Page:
Women of the Huasteca | Mexico | Living in Mexico

Women of the Huasteca

Women keep the Huastecan Potosí functioning. Many of the men have gone north of the border seeking employment. Relatively few remain to participate in the day-to-day work of maintaining homes and raising families. So the work and the responsibility falls mainly on the women.


Life is hard. Just doing the laundry looks like half a day's work to me.



A woman operates the smallest polloría I've ever seen.


Women organize most of the community activities, and because they've taken over the social agenda, it has changed. Here, a local women's council has organized a dog training class.


While walking down a narrow track through coffee and orange groves, I ran into Felipe and Basilio who immediately attached themselves to me.


They are standing on ground littered with orange blossoms. The scent is thick and sweet. I thought, how lucky they are to live in a place so sunny and warm, and that smells so nice.

The boys appointed themselves my guides, leading me back into the jungle, naming plants as we went. (That's an avocado tree; that's a mujer mala—a bad woman.) They told me they were taking me to see a cave and entrance would cost five pesos.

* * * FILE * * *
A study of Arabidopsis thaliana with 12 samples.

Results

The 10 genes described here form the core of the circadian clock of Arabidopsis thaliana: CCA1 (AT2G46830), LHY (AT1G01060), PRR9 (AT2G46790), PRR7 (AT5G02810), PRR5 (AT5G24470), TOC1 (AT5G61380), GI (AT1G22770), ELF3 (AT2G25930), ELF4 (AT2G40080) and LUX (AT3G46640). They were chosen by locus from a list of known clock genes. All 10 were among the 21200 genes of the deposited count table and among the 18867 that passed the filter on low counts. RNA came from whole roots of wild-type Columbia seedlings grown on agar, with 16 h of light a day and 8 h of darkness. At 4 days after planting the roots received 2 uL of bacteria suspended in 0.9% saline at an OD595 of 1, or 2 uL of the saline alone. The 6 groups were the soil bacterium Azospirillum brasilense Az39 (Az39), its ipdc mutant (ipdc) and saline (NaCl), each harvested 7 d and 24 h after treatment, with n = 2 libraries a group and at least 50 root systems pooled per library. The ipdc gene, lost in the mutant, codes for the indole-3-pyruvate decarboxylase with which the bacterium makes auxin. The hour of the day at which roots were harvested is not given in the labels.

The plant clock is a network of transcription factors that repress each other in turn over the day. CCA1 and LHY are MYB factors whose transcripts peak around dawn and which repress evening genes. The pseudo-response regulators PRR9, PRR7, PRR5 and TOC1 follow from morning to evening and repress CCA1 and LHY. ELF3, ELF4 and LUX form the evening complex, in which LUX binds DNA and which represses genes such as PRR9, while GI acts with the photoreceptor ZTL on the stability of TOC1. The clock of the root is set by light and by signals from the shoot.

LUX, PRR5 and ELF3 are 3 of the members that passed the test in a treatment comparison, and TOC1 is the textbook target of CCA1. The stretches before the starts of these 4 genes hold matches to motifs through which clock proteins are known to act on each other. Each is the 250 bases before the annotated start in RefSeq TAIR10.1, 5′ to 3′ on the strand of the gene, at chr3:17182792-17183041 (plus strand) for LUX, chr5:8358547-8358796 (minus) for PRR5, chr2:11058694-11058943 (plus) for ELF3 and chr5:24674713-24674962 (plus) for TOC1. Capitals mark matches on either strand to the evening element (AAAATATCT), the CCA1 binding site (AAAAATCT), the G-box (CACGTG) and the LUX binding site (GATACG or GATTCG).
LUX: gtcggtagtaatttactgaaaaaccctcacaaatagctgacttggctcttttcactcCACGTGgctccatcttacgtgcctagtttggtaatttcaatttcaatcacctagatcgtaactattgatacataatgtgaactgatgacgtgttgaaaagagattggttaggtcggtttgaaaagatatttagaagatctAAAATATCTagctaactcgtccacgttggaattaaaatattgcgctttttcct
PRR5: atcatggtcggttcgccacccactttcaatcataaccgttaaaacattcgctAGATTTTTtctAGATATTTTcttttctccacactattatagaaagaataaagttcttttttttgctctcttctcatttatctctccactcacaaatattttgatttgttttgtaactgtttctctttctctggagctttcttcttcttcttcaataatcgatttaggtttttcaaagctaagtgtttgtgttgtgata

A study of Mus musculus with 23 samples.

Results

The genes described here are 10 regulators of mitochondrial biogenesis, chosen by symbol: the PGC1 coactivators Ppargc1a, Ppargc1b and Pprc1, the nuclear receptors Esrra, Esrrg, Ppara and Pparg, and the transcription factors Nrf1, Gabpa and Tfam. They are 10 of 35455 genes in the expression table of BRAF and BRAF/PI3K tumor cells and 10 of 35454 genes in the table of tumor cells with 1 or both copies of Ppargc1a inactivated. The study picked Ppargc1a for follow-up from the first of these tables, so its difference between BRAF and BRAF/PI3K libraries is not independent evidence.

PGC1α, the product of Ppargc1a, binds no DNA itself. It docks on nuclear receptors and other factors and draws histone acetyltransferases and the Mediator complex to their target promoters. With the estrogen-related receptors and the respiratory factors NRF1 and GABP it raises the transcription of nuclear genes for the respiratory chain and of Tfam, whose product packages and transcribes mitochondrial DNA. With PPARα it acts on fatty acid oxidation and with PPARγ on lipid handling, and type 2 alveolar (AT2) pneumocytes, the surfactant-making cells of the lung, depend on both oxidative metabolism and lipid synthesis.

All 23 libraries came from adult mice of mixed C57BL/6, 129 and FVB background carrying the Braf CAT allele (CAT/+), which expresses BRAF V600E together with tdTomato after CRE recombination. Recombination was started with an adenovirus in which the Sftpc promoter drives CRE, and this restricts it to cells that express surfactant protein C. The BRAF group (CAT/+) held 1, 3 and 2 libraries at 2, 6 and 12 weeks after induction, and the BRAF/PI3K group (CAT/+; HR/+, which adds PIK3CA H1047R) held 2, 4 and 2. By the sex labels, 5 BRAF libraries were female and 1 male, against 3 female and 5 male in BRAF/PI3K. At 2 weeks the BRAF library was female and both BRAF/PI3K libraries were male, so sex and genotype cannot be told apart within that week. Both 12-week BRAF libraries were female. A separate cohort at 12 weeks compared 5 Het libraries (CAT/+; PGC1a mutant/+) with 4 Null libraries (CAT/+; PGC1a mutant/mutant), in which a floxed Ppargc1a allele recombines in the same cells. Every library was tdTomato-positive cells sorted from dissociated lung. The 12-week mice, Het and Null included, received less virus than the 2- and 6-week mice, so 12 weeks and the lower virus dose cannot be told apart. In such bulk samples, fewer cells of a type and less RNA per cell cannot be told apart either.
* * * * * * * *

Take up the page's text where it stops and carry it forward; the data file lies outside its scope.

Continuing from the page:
A sign indicated we were getting somewhere.


At Las Quilas, I found three little girls and a plastic tub of newly-picked coffee beans, but no food. No problem—I wasn't hungry anyway.


She led me to the cave.


I wasn't disappointed, because for me, meeting the kids was the real treat. Felipe and Basilio escorted me back to their settlement and asked me for a regalo (tip). I felt bad that I only had two one-peso coins, but they seemed satisfied with them. No sooner than I paid than I ceased to exist in their world as they walked off together, happily cracking jokes. (Now, before you condemn me as cheap, consider that two pesos amounted to a 40% tip.)

The women live long lives. If they make it past infectious disease and accidents, their active lifestyles and healthy diets keep them going for a long time.


When her responsibilities require her to go to town, a grandson escorts her without complaint, with respect. It's the least he can do for a keystone of his community.